SDCC had its fourth birthday in September and it has given me the opportunity to stop, take stock and evaluate some of the lessons I have learned in that time.
1. We planted a church we weren't just church planting
Most of you will be thinking of course you were, and may conclude at this point not to read any more if that's as insightful as it is going to get. But just hear me out. As you plan and launch a church plant whether it is a pioneer plant, a core team plant or a revitalisation plant you focus on planting. Your time is given to putting in place all that needs to happen to reach new people in a new area with the good news of Jesus. What I don't think I thought enough about was the ordinary nuts and bolts of planting a church, and on day one, in our very first meeting together that is what we had done - we had planted a church. There were people there gathered together around the word of God, yes praise God there were new people, interested people, and dragged along for a one off people, but there were our people.
From day one we were a church with all that that entailed; rota's, PA and AV equipment to transport and set up, bills to pay, pastoral issues to deal with, children to provide for, and so on. Everything we had at our sending church was now being done by our smaller, fragile, slightly scared, but very committed core.
And our plant has never stopped being a planted church, as a church planter you are not an evangelist or some trailblazing pioneer you are a pastor of God's people looking to establish a beacon of gospel light in the darkness. That means it is vital to have a good committed godly team of leaders with you who can bear some of the load of pastoral care and teaching, and to be continually looking to grow and develop more leaders.
2. Grow God's kingdom not my kingdom
The pressure on church planters is in some ways unique, maybe its me but in the months and years since we have planted the question 'And how are things going?' always seemed to mean have you grown and if so how many by? Admittedly it may just be me, but I don't think so. That is why it is vital that we understand we are growing God's Kingdom not our kingdom, it is for his glory not our glory and it is to be done using his methods (prayer and his word) not ours (just as well because I'm not sure I have any!).
So we have simply tried to teach the bible. Our services are in no way glitzy or professional or even slick, indeed someone recently described them as being chaotically family like - that doesn't mean it is bedlam just that it feels like home but is not cool and professional (at least that's what I'm taking it to mean). We drink coffee and tea together with biscuits or cake, we sing songs together, we pray together and we teach the bible before having more food and drink and aiming to apply the bible to one another's lives.
Teaching the bible drives everything we do from Sunday morning, to LightHouse, to Gospel Groups, to our children's work. This is vital because it means we can stay focused on making God's word the main thing because his glory and his kingdom is the main thing.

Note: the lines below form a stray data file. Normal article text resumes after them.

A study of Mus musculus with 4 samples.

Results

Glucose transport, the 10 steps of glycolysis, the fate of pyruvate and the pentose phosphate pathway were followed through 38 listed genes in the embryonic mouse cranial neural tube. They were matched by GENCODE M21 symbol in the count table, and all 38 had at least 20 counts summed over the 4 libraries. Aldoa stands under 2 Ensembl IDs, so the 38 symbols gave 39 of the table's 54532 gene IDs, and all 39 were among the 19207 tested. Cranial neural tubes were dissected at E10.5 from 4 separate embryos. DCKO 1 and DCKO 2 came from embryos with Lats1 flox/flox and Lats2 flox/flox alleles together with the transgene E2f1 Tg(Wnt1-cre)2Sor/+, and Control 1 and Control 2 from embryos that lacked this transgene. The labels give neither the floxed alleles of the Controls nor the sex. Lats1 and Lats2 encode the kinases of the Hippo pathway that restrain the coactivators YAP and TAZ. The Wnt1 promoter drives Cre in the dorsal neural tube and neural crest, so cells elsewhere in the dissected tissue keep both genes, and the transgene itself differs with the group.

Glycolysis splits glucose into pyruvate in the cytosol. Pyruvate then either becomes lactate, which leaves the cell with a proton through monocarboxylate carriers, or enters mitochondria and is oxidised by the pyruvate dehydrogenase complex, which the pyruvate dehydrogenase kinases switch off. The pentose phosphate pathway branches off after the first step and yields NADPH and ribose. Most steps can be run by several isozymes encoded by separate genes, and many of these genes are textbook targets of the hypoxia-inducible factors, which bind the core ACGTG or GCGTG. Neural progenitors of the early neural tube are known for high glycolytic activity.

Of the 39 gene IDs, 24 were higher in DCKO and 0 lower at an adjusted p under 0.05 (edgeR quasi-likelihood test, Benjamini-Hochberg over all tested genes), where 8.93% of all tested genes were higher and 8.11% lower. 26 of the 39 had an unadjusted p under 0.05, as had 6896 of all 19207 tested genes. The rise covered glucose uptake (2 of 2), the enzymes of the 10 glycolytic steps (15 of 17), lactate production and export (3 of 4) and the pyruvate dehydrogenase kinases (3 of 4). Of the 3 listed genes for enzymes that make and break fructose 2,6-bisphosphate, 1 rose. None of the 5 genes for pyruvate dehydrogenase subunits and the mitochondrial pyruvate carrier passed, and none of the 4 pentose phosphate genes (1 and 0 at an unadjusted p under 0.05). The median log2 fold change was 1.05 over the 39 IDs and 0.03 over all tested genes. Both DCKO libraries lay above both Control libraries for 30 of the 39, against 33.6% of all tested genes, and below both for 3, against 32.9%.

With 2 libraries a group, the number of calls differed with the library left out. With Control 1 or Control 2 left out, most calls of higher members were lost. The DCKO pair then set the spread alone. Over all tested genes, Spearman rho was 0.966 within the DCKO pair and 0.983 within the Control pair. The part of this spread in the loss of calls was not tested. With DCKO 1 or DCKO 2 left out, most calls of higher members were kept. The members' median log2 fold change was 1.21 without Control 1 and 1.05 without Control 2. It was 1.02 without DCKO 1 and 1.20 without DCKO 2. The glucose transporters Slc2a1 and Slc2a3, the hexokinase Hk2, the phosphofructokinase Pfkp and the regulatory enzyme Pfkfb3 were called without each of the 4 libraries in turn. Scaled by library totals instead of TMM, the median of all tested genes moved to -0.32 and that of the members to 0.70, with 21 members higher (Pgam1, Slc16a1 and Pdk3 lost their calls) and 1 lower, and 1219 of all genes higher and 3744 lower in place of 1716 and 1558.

3. Mission & Maturity
As a church plant it is tempting to focus on reach the lost but this must not be done at the exclusion of the maturity of the believers in your church. As a church plant is a planted church we ought to preach for believers and unbelievers as we would in any church. Discipling those who are following Jesus as well as engaging with the questions and heart motives of unbelievers as the passage exposes them.
It is not a case of preaching for mission or maturity, we must not fall into this trap but preaching for mission and maturity. It is something we have tried to replicate in our gospel groups, they are discipleship groups - aiming to disciple the not yet, the new and the mature believer at the same time, alongside one another and by means of the gifts of one another.
And as we have taught God's word to believers and engaging with unbelievers alike we have found believers coming and staying and growing in their understanding and maturity and we have seen unbelievers engage, understand and some come to faith and some reject the message and leave.
4. Network or Neighbourhood
Most of us live in networks but I think we naturally think of planting churches into a neighbourhood. We certainly did setting ourselves a church plant area that we would target, and yet by God's grace very little of our growth has come from that neighbourhood. Instead we have grown not just with people from outside our neighbourhood but outside our town. That means we have had to, and keep having to, be flexible in our thinking. If we are a network church rather than a neighbourhood church we need to have network hub points so that we support people in their existing networks in their varying neighbourhoods, rather than expect everyone to travel in centrally for everything.
I think we set out with one vision a neighbourhood church and God has given us a different reality a network church which causes us to be reliant on him and to rethink how we thought about how the church would go forward.
As I look back on just over 4 years God has been gracious and he builds his kingdom through his word.